I met with entrepreneur Chris Lynch to hear his story of starting a business in Ireland. Chris has founded DwellDown, a company which helps people make informed decisions about where they rent a home. If you're interested in starting your own business check out Chris' advice, how he stays motivated and what he's learned along the way.
Tell us a bit about what you're working on Chris?
This is my first venture into entrepreneurism and it’s been quite an exciting ride. DwellDown is a platform that aims to bring transparency into the long term rental market. We created a service that allows tenants to rate the standard of accommodation based on Quality, Comfort, Communication, Amenities and Neighborhood. We feel peer-to-peer reviews are the best way to paint a clear picture of the living experience offered vs rent being paid. Our goal is to help inform future renters to make an educated decision on where they choose to spend 30-60% of their monthly disposable income on rent.
That's really interesting and how has the process been so far? What’s been the most difficult part?
The entire process has been incrediblely eye opening. It’s truly been an enjoyable experience, but that doesn’t mean it’s been smooth sailing the entire time. There were a few difficult times during the journey and I am sure there will be much more along the way. I think the one I wrestled with the most would be Conception to Actualisation. The part of the journey that takes you from idea through validating the market and discovering the true value proposition. You spend countless hours in your head thinking “this is what I want", but realising "this is what I have.” I recommend looking at all avenues during this part of the process because at the end of the day, you want to make sure your message resonates with the users and they are gaining actual value from your services. Simply, you want to get this part right!
What's been the most surprising part for you so far?
I think understanding ownership was a real surprise for me. First, having the realisation that I was the individual who was going to drive DwellDown, was a real “Wow” moment for me. Secondly, fully accepting and understanding there is nothing unimportant about my business at any stage. Stepping back and accepting ownership gave me a fresh perspective. This perspective brought along patience and understanding enabling me to build a strong foundation for the business. It is definitely not an overnight process. Creating DwellDown and taking this journey has been an incredible learning experience. Seeing and understanding all the different intricacies and how they tie into one another helping move the company forward has been rewarding. In tech, you hear things like “Move fast, break stuff” but the journey is different for every company based on a number of resources. As an entrepreneur, you have to find a the way that fits your company and DwellDown’s journey to this point has been patiently cautious held together by a step by step process.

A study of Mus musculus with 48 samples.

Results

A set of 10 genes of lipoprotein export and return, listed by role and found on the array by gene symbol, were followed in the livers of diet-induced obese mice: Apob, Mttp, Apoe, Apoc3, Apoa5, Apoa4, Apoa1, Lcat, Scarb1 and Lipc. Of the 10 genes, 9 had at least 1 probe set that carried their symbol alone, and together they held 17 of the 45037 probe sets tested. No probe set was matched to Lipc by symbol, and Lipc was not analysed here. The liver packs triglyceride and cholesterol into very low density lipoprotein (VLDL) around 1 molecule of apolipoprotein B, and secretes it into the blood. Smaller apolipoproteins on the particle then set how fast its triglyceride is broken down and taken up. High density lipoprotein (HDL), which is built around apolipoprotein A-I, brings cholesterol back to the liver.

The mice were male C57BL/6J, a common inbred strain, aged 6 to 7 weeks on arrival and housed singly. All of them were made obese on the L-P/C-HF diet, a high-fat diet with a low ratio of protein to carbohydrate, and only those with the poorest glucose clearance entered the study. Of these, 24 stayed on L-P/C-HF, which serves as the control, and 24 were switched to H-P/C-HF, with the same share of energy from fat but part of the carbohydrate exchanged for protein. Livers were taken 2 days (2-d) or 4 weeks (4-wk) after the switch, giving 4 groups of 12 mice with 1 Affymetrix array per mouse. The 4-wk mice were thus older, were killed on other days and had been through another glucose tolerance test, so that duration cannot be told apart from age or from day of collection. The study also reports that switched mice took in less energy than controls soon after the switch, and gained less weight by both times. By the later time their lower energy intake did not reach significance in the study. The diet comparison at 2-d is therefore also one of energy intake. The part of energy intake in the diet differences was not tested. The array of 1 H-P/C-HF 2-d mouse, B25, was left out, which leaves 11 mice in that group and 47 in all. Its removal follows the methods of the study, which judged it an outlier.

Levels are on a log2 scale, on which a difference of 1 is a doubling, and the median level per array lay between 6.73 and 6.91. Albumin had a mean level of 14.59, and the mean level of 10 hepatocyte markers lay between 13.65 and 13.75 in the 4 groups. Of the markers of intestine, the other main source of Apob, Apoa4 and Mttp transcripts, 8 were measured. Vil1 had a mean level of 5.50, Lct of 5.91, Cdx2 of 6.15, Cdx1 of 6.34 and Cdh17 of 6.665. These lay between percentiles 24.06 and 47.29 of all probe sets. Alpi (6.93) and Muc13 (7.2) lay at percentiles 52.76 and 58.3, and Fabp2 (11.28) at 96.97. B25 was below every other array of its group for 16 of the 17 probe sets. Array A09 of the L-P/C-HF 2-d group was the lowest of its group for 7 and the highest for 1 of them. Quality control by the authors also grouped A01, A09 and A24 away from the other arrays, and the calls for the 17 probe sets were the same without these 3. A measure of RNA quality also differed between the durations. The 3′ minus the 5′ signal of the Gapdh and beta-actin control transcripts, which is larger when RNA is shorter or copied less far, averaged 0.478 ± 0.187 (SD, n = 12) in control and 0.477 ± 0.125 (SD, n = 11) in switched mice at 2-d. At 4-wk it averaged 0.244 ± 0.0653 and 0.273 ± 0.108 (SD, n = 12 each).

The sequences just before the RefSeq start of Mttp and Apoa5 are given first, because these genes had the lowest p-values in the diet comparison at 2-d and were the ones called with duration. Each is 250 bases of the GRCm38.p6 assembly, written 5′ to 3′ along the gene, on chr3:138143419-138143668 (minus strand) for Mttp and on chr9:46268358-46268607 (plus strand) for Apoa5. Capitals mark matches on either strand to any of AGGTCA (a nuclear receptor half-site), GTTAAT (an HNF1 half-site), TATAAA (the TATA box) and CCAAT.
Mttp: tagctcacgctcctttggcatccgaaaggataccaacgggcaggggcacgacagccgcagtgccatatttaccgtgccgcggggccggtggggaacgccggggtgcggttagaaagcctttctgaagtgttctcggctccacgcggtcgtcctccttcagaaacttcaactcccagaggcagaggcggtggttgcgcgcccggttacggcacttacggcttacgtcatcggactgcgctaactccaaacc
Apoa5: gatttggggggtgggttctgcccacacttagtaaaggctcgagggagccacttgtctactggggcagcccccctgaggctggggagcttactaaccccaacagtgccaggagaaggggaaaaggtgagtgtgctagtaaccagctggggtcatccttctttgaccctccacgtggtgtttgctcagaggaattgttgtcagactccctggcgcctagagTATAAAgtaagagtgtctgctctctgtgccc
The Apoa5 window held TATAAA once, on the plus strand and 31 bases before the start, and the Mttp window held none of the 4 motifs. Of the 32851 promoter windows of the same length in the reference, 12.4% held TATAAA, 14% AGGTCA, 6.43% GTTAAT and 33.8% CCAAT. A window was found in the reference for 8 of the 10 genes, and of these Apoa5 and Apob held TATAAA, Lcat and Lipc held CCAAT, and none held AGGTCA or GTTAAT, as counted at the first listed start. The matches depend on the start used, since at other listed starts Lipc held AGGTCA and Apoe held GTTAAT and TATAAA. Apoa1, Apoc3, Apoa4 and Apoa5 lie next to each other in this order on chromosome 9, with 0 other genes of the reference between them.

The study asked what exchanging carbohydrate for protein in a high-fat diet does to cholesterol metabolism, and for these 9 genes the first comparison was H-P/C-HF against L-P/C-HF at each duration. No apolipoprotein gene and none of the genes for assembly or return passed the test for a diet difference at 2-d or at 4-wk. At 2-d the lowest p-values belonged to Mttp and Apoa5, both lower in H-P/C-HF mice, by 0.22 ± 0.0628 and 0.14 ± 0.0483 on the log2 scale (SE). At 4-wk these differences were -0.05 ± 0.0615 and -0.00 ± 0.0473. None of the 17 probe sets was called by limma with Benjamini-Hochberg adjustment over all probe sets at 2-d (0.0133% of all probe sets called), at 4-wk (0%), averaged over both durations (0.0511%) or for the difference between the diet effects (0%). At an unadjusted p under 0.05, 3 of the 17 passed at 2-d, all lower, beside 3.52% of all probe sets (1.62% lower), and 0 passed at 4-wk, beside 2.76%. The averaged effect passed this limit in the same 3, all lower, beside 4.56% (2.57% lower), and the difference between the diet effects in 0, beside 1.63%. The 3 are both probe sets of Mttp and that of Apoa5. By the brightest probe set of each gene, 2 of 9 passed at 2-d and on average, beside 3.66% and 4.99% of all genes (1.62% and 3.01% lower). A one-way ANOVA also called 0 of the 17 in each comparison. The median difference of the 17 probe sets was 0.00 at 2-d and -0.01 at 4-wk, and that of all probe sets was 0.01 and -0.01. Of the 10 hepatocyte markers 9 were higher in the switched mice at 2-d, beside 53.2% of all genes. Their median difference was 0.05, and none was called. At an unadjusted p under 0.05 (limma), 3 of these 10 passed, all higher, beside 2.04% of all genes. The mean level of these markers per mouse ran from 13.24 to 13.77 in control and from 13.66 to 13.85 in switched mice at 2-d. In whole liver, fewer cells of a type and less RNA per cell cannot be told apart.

What keeps you motivated when you’re finding it tough?
The facts are facts, the entrepreneurial journey is tough. There are no days off and the you are the decision maker for the business. It’s a lot of pressure all day, everyday. Our personal experience as a family is what keeps me motivated. DwellDown’s creation came about from a horrible rental experience. People move every day, of every week, of every year and because of the lack of transparency in the market, they are unable to understand the type of living experience that rental will offer. We are motivated to create a tool that helps people make informed decisions on where they choose to live, helping them get the most value for the rent being paid. If we can accomplish helping people make good decisions on where to spend 30-60% of their monthly disposable income, I would consider DwellDown a success and a very positive tool.
What advice would you give to someone thinking about starting their own business?
Be patient, be open and use support. Find people that have created businesses and talk with them about their journey and process. The openness and support has been priceless for me.
Is there anything else that you’d like to share with the readers?
If want to run a business it is going to take your full commitment. But, before you commit, make sure you validate the market. Test and see if there is a market. If so, will they use your service.
Do you have a technology based business idea like Chris? Check out my recent interview with enterpreneur Peter Barrett to see how his business 8bytes can help you achieve this dream.